Management Innovation

/ˈmæn.ədʒ.mənt ˌɪn.əˈveɪ.ʃən/

When management subscribes to a new way of thinking and (radically) alters its own decision-making, organizational structures and processes to pave the way for wider organizational change.

Management innovation is a type of innovation which we deem to be one of the most important strands but which receives less attention than product-service, business-model and regular process innovation. However, it is the basic prerequisite in order for all the other types of innovation to work. At the end of the day, if an organization’s operating system still runs like it did in the 70s you can hardly outcompete your new digital disruptors, can you?

Birkinshaw and Mol define ‘management innovation’ as “the invention and implementation of a management practice, process, structure, or technique that is new to the state of the art and is intended to further organizational goals” . In that sense, agile approaches like Design Thinking, Lean Startup, or Scrum and their respective method pools are the basis for management innovation. In order for them to function and not become ‘agile-fall’ or ‘fake agile’, new leadership practices, governance structures, and eventually also organisational design changes are required. If they are implemented sustainably – e.g. by establishing a lean innovation (eco)system, or by practicing Lean UX – this may result in management innovation.

The notion is also closely linked to Management Ideas or Concepts , which are “fairly stable bodies of knowledge about what managers ought to do’ and consist of ‘a system of assumptions, accepted principles and rules of procedure” (Kramer and Kramer, 1975, p. 47). In an extreme form the former might also come as a Management Fashion or Fad, a “[t]ransitory collective beliefs that certain management techniques are at the forefront of management progress”  . Many very useful innovation approaches of their times (hello Six Sigma!, hello design thinking!, hello Lean Startup!) run the danger of simply becoming a management ‘flavour of the month’. This rarely is the fault of the approach itself. The problem lies more with their opportunistic exploitation and misappropriation by people who look for quick wins and superficial shortcuts to either the hard (change) work in front of them or by applying the approaches mechanistically in contexts where they do not fit (see Methodology-Misfit).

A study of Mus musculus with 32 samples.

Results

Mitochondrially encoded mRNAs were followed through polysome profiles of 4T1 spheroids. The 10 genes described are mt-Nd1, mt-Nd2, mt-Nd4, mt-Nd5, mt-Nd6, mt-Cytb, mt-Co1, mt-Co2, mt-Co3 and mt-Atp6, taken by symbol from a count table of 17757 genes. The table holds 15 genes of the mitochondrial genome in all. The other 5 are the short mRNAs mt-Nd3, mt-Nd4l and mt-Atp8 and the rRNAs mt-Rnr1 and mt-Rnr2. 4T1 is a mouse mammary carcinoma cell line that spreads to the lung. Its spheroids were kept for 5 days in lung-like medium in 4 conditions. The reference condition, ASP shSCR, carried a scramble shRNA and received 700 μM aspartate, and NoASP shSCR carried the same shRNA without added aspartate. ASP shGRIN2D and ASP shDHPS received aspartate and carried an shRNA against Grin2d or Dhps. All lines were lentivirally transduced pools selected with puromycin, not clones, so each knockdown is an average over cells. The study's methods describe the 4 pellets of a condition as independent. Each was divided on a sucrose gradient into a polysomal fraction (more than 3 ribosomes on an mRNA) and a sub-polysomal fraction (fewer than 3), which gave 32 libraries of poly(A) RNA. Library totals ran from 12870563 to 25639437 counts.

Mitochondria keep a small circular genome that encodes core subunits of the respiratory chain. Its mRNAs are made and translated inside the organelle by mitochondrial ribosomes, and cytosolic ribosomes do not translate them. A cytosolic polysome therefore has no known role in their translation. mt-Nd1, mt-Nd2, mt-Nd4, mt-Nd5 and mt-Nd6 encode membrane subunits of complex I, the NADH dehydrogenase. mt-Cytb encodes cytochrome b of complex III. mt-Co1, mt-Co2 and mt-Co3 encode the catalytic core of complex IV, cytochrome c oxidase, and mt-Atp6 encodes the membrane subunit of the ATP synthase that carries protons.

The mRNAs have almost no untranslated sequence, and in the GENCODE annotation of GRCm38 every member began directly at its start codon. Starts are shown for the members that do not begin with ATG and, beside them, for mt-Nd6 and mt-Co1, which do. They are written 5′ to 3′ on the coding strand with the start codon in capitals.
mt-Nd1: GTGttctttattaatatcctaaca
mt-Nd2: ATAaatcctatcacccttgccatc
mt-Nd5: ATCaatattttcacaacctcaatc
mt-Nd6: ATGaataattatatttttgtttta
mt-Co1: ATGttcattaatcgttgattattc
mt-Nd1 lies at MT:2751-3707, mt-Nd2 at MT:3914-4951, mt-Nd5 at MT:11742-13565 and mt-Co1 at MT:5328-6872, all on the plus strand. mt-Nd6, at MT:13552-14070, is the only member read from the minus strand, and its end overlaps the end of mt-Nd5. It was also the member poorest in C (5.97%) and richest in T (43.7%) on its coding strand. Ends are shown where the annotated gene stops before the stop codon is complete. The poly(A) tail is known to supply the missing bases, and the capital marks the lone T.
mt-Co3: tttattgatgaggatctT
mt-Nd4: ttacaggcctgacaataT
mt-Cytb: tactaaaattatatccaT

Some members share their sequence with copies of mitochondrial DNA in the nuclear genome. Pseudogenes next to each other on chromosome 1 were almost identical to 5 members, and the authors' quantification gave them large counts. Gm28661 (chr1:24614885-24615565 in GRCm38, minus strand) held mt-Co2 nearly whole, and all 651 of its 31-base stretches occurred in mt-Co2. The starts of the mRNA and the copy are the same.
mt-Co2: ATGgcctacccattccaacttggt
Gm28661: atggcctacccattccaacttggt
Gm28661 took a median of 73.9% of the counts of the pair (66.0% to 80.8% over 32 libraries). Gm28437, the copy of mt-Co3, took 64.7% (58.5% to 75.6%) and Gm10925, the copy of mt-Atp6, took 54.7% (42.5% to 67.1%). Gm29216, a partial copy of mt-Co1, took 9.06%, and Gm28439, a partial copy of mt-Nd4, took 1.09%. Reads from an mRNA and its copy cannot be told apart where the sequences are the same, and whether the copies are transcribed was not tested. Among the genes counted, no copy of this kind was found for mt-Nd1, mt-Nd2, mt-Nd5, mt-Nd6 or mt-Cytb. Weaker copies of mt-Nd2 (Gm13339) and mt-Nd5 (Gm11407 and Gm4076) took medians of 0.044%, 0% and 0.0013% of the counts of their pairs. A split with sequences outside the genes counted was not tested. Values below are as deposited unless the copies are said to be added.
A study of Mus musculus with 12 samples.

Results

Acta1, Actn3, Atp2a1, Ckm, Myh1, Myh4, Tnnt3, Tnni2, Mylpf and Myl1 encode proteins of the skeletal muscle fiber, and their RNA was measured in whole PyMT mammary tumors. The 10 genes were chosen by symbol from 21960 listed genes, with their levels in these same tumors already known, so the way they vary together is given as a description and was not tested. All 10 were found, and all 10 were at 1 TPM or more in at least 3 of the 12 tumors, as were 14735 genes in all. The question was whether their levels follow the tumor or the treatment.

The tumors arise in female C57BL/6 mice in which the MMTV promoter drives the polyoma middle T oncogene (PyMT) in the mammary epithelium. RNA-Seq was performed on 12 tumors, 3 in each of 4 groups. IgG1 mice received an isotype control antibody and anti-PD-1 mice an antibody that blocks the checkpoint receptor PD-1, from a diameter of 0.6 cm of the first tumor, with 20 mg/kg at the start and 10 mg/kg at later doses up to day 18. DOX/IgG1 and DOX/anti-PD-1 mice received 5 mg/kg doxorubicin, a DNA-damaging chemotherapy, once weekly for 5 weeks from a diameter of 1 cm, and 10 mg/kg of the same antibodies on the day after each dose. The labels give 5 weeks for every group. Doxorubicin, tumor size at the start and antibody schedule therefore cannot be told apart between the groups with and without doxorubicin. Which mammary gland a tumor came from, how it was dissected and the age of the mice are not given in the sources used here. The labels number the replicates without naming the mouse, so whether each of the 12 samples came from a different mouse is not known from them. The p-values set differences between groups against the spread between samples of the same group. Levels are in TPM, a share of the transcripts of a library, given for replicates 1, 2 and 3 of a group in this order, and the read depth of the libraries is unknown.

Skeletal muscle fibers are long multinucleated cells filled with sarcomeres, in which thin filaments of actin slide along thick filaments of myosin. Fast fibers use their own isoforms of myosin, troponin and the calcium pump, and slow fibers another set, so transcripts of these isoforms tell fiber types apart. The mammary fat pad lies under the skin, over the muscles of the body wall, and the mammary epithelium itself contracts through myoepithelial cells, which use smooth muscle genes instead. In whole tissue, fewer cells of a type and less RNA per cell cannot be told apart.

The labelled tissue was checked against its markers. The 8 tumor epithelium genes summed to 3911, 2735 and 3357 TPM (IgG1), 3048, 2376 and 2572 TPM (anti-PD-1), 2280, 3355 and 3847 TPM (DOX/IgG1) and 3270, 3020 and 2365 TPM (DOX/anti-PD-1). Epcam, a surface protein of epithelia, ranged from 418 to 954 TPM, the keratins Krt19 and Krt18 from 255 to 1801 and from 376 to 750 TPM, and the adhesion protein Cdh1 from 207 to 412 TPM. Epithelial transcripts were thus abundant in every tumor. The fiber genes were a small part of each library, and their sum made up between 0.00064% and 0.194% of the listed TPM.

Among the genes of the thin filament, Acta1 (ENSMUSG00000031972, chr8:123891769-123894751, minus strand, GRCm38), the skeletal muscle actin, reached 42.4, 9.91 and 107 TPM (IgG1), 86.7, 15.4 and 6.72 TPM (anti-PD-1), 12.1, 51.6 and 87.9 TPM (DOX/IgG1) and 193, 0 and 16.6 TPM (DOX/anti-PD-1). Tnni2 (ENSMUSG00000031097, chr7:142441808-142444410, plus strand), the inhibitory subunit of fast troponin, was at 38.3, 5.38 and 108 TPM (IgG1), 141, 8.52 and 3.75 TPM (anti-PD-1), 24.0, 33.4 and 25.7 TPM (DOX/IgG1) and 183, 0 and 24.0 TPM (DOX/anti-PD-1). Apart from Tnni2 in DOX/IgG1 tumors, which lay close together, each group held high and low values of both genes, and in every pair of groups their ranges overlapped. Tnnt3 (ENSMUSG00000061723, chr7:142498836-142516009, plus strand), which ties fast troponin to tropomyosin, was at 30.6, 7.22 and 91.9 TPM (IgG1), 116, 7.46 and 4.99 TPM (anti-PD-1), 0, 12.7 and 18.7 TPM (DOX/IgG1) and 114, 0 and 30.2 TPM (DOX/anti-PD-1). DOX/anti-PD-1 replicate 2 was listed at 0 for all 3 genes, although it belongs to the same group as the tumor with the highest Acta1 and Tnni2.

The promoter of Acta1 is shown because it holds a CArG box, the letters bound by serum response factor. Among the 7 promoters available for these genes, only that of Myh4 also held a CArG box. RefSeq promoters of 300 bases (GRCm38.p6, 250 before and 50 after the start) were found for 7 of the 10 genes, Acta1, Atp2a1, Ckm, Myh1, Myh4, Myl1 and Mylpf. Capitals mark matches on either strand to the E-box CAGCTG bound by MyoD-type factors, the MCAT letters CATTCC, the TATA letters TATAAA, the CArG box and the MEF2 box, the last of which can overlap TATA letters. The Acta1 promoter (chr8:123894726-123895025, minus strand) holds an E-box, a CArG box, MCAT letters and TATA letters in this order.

Birkinshaw, J., & Mol, M. (2006). How management innovation happen. MIT Sloan Management Review, 47.
Abrahamson, E. (1996). Management Fashion. Academy of Management Review, 21(1), 254–285. https://doi.org/10.5465/amr.1996.9602161572
Lozeau, D., Langley, A., & Denis, J.-L. (2002). The Corruption of Managerial Techniques by Organizations. Human Relations, 55(5), 537–564. https://doi.org/10.1177/0018726702055005427
Ingo Rauth. (2015). Understanding Management Ideas: The Development of Interpretability [Chalmers University of Technology]. https://research.chalmers.se/en/publication/225528
Gothelf, J., & Seiden, J. (2016). Lean UX: Designing Great Products with Agile Teams (2nd edition). O’Reilly UK Ltd.